To most observers — including, according to reports, US intelligence services — Russia appears the most likely suspect in December's cyber attack on the Ukrainian power grid. How the attack was accomplished, however, remains less clear. As ESET's reports suggest, signs point to BlackEnergy malware (BlackEnergy was found in affected networks) but many think it's too early to close the case.
The motive for a Russian hack also remains unclear: there's no obvious operational purpose served. Some speculate the episode amounts to dissuasion or saber-rattling. (In its own bit of dissuasion, the US Treasury Department finalizes its system of sanctions for hacking.)
Other utilities around the world reassure stakeholders they've taken precautions against similar attacks.
Saudi Arabia and Iran seem poised to escalate ongoing tension into conflict in cyberspace. ISIS has taken to denouncing the Saudi regime as tyranny and Saudi soldiers as apostates. Shi'ites, Christians, and Jews also come in for their usual share of odium in Daesh social media. Western services are still working out their information operational response.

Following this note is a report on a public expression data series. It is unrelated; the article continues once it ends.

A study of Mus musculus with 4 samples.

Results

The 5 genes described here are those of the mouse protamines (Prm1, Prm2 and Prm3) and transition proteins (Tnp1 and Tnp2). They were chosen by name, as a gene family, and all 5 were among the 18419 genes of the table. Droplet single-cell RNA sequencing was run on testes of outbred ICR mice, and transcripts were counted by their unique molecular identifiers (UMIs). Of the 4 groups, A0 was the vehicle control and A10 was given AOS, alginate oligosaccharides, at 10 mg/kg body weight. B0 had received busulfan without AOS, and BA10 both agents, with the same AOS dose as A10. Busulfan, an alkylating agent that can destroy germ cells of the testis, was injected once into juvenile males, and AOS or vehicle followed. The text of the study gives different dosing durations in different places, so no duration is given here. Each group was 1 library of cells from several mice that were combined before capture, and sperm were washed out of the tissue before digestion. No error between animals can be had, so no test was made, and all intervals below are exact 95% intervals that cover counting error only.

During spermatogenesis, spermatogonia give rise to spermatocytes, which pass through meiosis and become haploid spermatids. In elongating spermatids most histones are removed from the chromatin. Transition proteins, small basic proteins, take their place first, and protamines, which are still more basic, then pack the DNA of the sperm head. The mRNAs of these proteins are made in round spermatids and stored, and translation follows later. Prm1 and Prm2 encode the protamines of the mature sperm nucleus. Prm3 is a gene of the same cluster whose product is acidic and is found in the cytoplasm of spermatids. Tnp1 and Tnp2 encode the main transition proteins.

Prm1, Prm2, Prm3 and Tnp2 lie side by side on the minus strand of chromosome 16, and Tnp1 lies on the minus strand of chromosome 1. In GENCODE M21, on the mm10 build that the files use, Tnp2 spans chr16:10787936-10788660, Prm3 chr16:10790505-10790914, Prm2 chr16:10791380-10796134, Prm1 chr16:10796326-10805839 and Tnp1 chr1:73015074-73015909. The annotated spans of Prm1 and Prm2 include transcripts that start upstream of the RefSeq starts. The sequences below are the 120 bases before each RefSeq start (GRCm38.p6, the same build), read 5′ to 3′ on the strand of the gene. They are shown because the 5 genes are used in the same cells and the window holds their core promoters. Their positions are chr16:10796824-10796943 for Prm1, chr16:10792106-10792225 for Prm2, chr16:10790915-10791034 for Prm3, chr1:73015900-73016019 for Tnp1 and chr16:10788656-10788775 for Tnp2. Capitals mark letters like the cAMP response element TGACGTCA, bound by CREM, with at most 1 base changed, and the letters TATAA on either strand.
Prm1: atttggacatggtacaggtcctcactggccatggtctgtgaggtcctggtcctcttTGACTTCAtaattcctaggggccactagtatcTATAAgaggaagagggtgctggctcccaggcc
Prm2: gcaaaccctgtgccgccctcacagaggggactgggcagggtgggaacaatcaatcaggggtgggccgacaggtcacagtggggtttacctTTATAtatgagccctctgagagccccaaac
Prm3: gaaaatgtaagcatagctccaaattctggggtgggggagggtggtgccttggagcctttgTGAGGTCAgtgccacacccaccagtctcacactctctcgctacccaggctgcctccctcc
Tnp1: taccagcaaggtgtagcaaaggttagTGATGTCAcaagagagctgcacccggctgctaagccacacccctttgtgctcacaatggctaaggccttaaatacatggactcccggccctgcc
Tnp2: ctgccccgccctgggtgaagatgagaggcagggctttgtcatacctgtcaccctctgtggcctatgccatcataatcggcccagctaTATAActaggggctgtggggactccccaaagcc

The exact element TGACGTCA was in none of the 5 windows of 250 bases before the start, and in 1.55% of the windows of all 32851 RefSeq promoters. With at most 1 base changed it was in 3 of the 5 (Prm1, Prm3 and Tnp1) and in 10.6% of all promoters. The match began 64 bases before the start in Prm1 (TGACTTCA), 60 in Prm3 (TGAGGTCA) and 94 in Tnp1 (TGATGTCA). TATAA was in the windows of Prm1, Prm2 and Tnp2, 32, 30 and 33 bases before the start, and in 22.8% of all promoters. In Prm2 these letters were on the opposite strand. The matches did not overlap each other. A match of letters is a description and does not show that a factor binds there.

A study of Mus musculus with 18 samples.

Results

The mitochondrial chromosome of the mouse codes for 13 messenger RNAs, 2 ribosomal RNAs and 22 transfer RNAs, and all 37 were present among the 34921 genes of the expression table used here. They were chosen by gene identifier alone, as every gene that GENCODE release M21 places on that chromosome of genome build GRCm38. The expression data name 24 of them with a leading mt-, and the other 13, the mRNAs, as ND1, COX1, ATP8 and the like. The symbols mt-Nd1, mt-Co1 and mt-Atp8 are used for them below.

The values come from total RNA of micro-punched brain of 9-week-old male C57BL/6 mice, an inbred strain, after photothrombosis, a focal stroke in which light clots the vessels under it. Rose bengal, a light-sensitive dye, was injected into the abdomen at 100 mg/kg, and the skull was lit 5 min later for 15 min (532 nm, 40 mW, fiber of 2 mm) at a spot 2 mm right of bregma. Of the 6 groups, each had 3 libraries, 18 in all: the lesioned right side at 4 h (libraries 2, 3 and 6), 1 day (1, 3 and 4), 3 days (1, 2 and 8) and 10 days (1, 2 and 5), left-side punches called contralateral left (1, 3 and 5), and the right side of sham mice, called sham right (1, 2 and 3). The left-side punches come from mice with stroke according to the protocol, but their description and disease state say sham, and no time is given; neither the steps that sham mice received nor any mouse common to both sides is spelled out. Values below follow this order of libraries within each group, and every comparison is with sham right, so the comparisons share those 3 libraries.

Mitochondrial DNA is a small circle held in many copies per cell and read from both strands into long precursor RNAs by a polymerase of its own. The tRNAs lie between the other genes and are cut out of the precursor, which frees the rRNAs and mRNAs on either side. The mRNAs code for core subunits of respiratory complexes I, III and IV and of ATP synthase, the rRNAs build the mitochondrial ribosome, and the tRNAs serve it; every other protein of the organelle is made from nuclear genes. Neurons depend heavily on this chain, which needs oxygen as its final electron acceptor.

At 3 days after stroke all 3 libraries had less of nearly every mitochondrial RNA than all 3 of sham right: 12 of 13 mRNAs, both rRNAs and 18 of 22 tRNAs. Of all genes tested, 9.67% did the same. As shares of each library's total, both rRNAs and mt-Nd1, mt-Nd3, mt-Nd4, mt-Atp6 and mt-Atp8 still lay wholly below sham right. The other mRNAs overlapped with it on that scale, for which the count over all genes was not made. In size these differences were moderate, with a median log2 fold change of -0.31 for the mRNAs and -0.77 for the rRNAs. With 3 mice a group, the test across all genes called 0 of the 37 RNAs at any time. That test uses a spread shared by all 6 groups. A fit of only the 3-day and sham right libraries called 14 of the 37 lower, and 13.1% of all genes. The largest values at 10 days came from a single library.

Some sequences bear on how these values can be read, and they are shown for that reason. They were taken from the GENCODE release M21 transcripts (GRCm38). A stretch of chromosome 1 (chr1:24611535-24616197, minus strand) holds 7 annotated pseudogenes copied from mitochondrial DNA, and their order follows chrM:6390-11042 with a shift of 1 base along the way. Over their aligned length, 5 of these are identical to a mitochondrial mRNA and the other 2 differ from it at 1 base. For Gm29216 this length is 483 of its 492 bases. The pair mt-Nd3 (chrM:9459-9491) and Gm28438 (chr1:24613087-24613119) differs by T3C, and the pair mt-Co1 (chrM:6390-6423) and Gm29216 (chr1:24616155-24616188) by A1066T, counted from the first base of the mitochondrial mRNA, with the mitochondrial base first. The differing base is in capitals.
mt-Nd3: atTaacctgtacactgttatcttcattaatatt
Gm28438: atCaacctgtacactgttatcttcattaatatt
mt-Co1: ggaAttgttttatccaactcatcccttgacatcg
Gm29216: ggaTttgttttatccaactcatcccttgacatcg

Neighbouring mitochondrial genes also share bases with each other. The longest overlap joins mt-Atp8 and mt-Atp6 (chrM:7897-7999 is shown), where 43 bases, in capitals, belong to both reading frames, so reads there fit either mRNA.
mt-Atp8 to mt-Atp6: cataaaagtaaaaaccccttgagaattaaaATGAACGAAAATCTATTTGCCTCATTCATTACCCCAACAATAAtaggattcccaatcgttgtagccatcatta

Anonymous takes down Thai police sites to protest death sentences handed down in the case of two murdered tourists.
"GeNiuS-JorDan," known for attacks on Kuwaiti and Nepalese sites, defaces Ugandan Foreign Ministry sites with protests of US and Israeli actions in the Middle East.
Rapid7 finds issues with Xfinity's home security system.
Android patches five critical security flaws.